Fisher: "We got 30."
Demoff called in the trade. This time there was no cheering.
"We'll get one of our guys," Fisher said, working the gold coin, "or we'll trade again."
"Now," Snead said, "Alec's sitting in Pat Dye's living room, and he'll see us trade down. And if we pick him, he'll come in with a massive chip on his shoulder."
There were seven selections to go—Minnesota, Indianapolis, Minnesota again, Green Bay, Houston, Denver and, lastly, New England.
The Ravens called back offering a fifth-rounder to switch spots from 32 to 30. Dallas owned the 31st pick, and Snead asked his pro personnel czar, Ran Carthon, to run down the Cowboys' linebackers to see if they were a threat for Ogletree. Meanwhile, Demoff worked the phone, "scenario-shopping" with teams positioned high in round 2. "You have any interest in coming up to 30?" he asked Eagles G.M. Howie Roseman, preparing to trade if Ogletree was off the board at 30.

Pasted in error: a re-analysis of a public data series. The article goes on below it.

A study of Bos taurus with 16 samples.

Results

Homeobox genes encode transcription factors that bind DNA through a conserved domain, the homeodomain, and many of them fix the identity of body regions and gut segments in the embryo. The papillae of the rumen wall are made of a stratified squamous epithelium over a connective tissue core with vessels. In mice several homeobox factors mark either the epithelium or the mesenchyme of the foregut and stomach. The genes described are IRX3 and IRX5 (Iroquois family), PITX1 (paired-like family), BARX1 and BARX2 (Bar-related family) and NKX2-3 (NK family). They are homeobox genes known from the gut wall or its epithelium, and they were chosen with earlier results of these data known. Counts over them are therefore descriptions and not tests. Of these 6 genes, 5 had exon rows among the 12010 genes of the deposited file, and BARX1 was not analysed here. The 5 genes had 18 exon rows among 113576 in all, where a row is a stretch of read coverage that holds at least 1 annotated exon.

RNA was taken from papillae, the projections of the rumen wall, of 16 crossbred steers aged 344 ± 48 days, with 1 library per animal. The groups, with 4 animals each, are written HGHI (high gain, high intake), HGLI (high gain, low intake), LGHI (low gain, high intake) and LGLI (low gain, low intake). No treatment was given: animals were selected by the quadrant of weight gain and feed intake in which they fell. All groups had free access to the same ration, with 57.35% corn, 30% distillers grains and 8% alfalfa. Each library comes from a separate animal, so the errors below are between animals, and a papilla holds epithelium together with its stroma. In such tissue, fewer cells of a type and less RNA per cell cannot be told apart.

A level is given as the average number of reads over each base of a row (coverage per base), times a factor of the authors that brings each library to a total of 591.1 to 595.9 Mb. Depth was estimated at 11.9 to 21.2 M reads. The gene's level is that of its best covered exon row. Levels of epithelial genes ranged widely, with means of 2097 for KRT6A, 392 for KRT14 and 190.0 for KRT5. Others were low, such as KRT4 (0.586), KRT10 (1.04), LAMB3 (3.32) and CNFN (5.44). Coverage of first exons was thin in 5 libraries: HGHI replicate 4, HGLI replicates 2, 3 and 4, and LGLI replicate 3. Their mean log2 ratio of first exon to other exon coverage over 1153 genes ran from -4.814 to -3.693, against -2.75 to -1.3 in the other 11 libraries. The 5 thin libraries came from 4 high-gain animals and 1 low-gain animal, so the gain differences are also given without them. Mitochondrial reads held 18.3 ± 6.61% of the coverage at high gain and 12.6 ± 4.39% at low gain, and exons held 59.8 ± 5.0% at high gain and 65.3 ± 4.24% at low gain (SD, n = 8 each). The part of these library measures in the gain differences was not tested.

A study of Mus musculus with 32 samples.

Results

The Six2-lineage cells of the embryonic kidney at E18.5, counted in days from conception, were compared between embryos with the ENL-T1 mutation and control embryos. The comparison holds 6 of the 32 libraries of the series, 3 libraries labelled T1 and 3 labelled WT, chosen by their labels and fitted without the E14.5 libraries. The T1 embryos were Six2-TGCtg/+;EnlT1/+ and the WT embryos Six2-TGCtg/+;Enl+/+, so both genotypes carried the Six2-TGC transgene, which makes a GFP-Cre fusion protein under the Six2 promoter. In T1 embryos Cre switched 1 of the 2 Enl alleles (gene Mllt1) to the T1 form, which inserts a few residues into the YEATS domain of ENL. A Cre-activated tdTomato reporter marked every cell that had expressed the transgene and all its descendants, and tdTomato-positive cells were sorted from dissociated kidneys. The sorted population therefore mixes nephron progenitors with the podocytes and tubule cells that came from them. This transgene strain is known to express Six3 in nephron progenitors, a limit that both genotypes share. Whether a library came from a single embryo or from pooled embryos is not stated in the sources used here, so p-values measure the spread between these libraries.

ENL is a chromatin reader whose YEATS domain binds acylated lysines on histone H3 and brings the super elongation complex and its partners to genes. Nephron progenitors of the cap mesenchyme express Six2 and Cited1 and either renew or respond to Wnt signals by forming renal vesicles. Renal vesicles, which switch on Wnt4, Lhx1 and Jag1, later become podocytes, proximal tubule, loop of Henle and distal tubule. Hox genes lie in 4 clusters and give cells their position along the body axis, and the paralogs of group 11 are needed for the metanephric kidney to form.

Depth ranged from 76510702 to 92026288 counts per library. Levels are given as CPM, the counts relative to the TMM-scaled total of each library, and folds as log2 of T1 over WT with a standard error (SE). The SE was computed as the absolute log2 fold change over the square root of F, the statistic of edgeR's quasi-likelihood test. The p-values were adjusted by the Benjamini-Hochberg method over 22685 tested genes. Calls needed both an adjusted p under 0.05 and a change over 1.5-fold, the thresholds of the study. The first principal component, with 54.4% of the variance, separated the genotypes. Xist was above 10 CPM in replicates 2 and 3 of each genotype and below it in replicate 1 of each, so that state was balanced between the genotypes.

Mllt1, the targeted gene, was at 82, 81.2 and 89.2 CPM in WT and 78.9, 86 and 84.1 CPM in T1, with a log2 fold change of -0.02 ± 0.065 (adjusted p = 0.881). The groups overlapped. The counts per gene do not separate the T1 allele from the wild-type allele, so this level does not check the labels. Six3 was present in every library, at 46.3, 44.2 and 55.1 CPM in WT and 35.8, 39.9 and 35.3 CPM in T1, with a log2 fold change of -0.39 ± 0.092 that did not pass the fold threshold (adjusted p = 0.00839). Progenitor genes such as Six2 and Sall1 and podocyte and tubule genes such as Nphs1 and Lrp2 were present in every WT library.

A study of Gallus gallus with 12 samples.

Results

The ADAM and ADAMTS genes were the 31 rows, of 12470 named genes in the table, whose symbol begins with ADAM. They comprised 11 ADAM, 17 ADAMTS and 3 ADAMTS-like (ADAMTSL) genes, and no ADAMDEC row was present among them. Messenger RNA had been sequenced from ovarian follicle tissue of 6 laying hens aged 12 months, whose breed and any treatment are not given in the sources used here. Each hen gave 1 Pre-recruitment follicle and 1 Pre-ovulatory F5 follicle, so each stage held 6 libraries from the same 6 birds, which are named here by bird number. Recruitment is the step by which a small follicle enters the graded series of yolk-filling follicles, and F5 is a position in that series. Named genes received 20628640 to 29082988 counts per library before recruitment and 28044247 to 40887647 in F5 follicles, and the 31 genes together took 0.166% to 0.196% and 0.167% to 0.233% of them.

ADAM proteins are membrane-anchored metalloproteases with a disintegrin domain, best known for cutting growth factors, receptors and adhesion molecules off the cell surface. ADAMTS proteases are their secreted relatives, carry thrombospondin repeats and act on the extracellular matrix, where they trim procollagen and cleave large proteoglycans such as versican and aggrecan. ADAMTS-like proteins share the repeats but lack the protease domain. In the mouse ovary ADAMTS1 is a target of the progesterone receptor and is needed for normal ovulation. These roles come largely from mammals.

Sharrif Floyd to the Vikes. Bjoern Werner to the Colts. Xavier Rhodes to the Vikes.
Consoli: "Green Bay takes ... Datone Jones ... defensive end ... UCLA." Then silence. Fisher, speechless, stood up and stared at the board, still working the 112-year-old gold piece. Wasn't that supposed to be a lucky coin? Now it was Ogletree at 30 or bust. Oh, the Rams would talk bravely about what a good player Larry Warford is—but convincing their own defensive coaches would be much tougher.
"Want me to offer Houston a [sixth-round pick] to move down to us?" Demoff asked. Fisher grabbed the phone instead and dialed Texans G.M. Rick Smith, who was on the clock.